In Which I Lose My Patience; or, The Princeton Social Scene, Continued 21 September 2009Posted by Emily in Blog, Personal Life, Princeton.
Yes, I (very clearly) enjoy two-clause post titles. At this point, I think you’ll just have to cope.
The Princeton University Press Club is a long-standing institution that has made the names of more than a few professional journalists. They have a slightly less long-standing blog which occasionally picks up an interesting story not covered by the Prince, but which more often than not is really quite fatuous. I’m sure all the writers are solid reporters for the local, state, and national papers where they string/intern, but on the blog, quite a lot of them are frequently guilty of either not understanding snark or of assuming that everyone on campus comes from a privileged background and thus fits totally seamlessly into a dominant culture that further privileges privilege. The most recent offender, wherein the author argues that Princeton’s twice-yearly bacchanalic prepfest isn’t alienating at all:
Lawnparties was never really about the band. It’s a wonderfully weird celebration of Princeton, honoring both what it is and what it could be.
Yes, Lawnparties is an anthem to the Princeton stereotype – loud music, louder pants, drinking before 10 a.m., and preppy bacchanalia. But it’s not just day drinking that makes Lawnparties a special day.
For all its elitist trappings, Lawnparties is Princeton’s egalitarian party. For one day, it doesn’t matter who you know, or what club you’re in. For one day, the bouncers don’t care if you’re on the list, or have two salmon passes. If you go to Princeton, for one day the eating club lawns are your lawns. Seniors and freshman stand shoulder to shoulder in the sun, drinking warm champagne and rocking out to Journey.
The writer of this post, of course, misses the key point that letting anyone listen to a band in the backyard of a usually-exclusive bicker club is only an act of egalitarianism if someone who is usually barred admission from said bicker club fits well enough into the culture to feel welcome there once admitted. Thinking this while reading, I got frustrated enough to comment on the post:
Egalitarian? Since when? Lawnparties elides the stratification between bicker and sign-in, between the haves and have-mores, the populars and the more-populars. But it doesn’t do anything to include people who don’t own a single pastel Lacoste polo or sundress, who don’t like to get shitfaced, or who for a variety of other reasons are just disgusted, not entertained, by the preppy Ivy League stereotype. Believe it or not, 30% of this university’s juniors and seniors aren’t in an eating club. And for many of them, all the clubs could be on PUID and they’d still feel like losers and outcasts. For some of them, Lawnparties is an excuse to go out of town for the weekend, or else an insufferably hot weekend spent indoors with all the windows shut, trying to drown out the sounds of someone else’s party to which, supposed “egalitarian” nature aside, it’s still perfectly clear that those who don’t conform aren’t invited.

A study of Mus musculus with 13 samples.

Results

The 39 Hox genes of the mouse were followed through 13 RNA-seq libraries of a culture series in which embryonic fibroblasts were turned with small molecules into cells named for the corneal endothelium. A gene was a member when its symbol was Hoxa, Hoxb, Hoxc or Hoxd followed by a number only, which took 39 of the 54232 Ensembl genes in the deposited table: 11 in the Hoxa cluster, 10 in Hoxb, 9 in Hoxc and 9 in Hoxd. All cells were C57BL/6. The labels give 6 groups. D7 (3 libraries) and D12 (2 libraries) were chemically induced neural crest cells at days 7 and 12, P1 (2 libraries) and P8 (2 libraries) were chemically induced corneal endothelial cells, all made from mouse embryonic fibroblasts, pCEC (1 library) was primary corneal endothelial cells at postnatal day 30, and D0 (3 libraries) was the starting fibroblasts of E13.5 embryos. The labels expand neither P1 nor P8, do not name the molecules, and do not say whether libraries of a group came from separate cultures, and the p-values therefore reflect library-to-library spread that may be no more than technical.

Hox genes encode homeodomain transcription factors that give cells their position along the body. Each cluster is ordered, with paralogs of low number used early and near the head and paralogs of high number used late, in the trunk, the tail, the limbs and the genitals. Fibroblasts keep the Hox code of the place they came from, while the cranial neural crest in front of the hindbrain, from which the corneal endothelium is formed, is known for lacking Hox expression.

Last spring, I went and sat in the basement of the library to work during Lawnparties afternoon, knowing that I would feel awkward and miserable and outcast if I dressed up and went down to Prospect Avenue to stand in a yard getting drunk, but also knowing that if I could hear the strains of Lawnparties music from my room, I would be so tortured by my outcast status that I’d be unable to work. This past weekend, a trip I’d planned happily coincided with Lawnparties weekend, so that I didn’t have to watch debauchery going on all around me to which I am implicitly not invited. Instead, two friends and I high-tailed it to Rhode Island to visit another friend, and I had perhaps one of the best weekends of my life. (While I am given to hyperbole, this is not hyperbole. At all.)
If it hadn’t been for Princeton, I wouldn’t have met the friend I was going to visit, nor the friends I made the trip with. If it hadn’t been for Princeton, I wouldn’t have managed to parachute into a subculture that isn’t interested in what the rest of Princeton is doing Lawnparties weekend. This school has a lot screwed up with its culture, but it also gives you the tools to subvert that culture, the resources to make your own choices, and of course some of the best academics in the world that you can take solace in whenever (if you’re like me) your essential state as a loner can get just a little too depressing. And that’s why I’m a Princeton evangelist, and why I care enough about Princeton to invest my time and efforts in making it a place where I and people like me are as much at home as the people who feel like Lawnparties is the great equalizer.
But for all that to work, the people who feel like Lawnparties is the great equalizer need to realize that although they are the dominant force in Princeton social life, they are not the only force. They need to realize whom they’re alienating and whose insecurities they’re reinforcing. They need to recognize that they speak for a world of privilege and social posturing that is inaccessible, undesirable, or flat-out disgusting to a lot of people with whom they share a campus.
And with that, it’s back to work: I have to read Rousseau’s Discourse Concerning Inequality for tomorrow.